Shadow Treasurer Chris Bowen has described the loss of jobs as a result of automation by technology as “one of the greatest unspoken challenges in the Australian economy”.
Mr Bowen's comments came as The Australian Bureau of Statistics revealed that unemployment had hit its highest level in more than a decade.
Speaking at the Financial Services Council annual conference in Cairns, Mr Bowen said the US’s recovery from recession was the weakest of any since the Great Depression.
This, he said, reflected “something deeper going on".
“There is a disconnect here. Productivity is going up but employment is not following to the degree that it should.”
Automation of lower and middle-class jobs was the culprit, Mr Bowen suggested.
“At the moment this is an American phenomenon, but it is something we have to be very alive to in Australian policymaking,” Mr Bowen said. “We are seeing more and more automation. What we are seeing at the moment is quite remarkable: it is a huge opportunity for Australia but also provides challenges.”
According to a special report earlier this year in The Economist, the proportion of American adults participating in the labour force hit its lowest level since 1978, which was in part a result of advances in technology. Former American treasury secretary Larry Summers estimates that in 10 years, one in seven American men might not be working as technical change takes the form of “capital that effectively substitutes for labour”.
The Economist report cited a 2013 paper by Carl Benedikt Frey and Michael Osborne of the University of Oxford which said jobs are at high risk of being automated in 47 per cent of occupational categories including accountancy, legal work, technical writing and a lot of other white-collar occupations.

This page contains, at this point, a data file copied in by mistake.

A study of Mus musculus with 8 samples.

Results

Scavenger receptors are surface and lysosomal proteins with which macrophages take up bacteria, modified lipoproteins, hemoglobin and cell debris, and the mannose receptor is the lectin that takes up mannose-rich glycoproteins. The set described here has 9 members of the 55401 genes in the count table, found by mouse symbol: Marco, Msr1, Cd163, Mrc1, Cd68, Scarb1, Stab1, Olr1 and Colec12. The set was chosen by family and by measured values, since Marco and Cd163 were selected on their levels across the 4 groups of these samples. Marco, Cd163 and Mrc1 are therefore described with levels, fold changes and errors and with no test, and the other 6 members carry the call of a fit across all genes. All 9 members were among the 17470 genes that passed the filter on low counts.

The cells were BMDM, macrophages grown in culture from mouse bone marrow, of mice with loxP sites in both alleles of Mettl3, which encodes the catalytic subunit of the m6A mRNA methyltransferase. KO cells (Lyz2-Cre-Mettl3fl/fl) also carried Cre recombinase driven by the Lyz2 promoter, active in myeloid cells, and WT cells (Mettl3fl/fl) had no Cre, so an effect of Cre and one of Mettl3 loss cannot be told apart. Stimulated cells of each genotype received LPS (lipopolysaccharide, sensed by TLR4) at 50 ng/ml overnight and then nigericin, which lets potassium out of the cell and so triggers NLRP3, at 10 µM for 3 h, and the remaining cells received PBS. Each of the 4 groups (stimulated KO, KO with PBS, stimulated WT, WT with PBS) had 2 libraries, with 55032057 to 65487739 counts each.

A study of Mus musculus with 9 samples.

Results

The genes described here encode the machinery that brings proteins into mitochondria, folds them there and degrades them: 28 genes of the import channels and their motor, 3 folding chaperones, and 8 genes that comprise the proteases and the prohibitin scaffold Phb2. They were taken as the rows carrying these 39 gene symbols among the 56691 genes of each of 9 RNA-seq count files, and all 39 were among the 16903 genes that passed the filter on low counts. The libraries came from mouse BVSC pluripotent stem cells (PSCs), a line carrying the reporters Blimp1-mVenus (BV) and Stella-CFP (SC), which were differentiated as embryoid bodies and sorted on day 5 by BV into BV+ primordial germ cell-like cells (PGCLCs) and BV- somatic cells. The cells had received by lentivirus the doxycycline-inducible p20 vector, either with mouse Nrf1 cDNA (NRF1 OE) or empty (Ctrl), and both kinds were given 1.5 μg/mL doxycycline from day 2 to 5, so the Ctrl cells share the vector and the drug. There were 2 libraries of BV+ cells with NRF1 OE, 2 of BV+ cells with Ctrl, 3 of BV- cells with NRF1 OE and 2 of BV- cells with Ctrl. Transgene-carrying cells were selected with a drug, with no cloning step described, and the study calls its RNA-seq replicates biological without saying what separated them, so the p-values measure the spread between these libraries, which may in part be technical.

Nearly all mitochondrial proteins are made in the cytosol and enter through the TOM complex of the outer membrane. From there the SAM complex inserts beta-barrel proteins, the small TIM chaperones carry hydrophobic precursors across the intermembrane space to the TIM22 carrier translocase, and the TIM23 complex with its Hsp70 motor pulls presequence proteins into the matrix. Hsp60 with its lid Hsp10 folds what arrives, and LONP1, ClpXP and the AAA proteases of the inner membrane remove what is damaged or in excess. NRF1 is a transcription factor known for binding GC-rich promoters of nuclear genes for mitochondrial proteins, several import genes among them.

Mr Bowen pointed to automated supermarket checkouts and online shopping as obvious examples of retail jobs disappearing and pointed to algorithms being used by the Associated Press in the US to produce newspaper articles, moves being considered by the Australian Associated Press.
This made it important for Australia to ramp up skills training for as many as many people as possible, Mr Bowen said, because “if they are nor trained to the maximum potential, the jobs won’t be there for them. Less and less jobs will be there unless you are highly skilled.”
“We will see rising income inequality unless we are getting these questions right. This is one of the greatest unspoken challenges in the Australian economy.”
Mr Bowen also offered bipartisan support for the implementation of recommendations in the 2009 report by corporate adviser Mark Johnson – which was commissioned by Mr Bowen – to assist Sydney become a financial centre, including tax reform, to allow Australia to capitalise on the demand for financial services in Asia.
“As China liberalises its capital markets over the coming years, competition will become even fiercer. As countries move up the value chain, the competition for sophisticated services will be intense, particularly as emerging economies like China start to compete in areas they previously weren’t engaged. Good work was done in this area when we were in office, based on the recommendations of the Johnson Review. But there is much left to do.”
On Wednesday, FSC chairman Greg Cooper called for a reduction of the managed investment trust withholding tax rate to allow Australia to compete against Singapore and Hong Kong, and also for the government to introduce an investment management regime to facilitate the use of Australian investment managers by foreign investors.
Mr Bowen criticised the government’s approach to the Future of Financial Advice reforms as being “shambolic, secretive and dismissive of proper processes”.
He also said it was too early to mass judgment on the financial system inquiry. Initially a critic of the inquiry for being unnecessary, Mr Bowen said much good work had gone into it but Labor wanted to wait until recommendations were made before engaging with it at a policy level.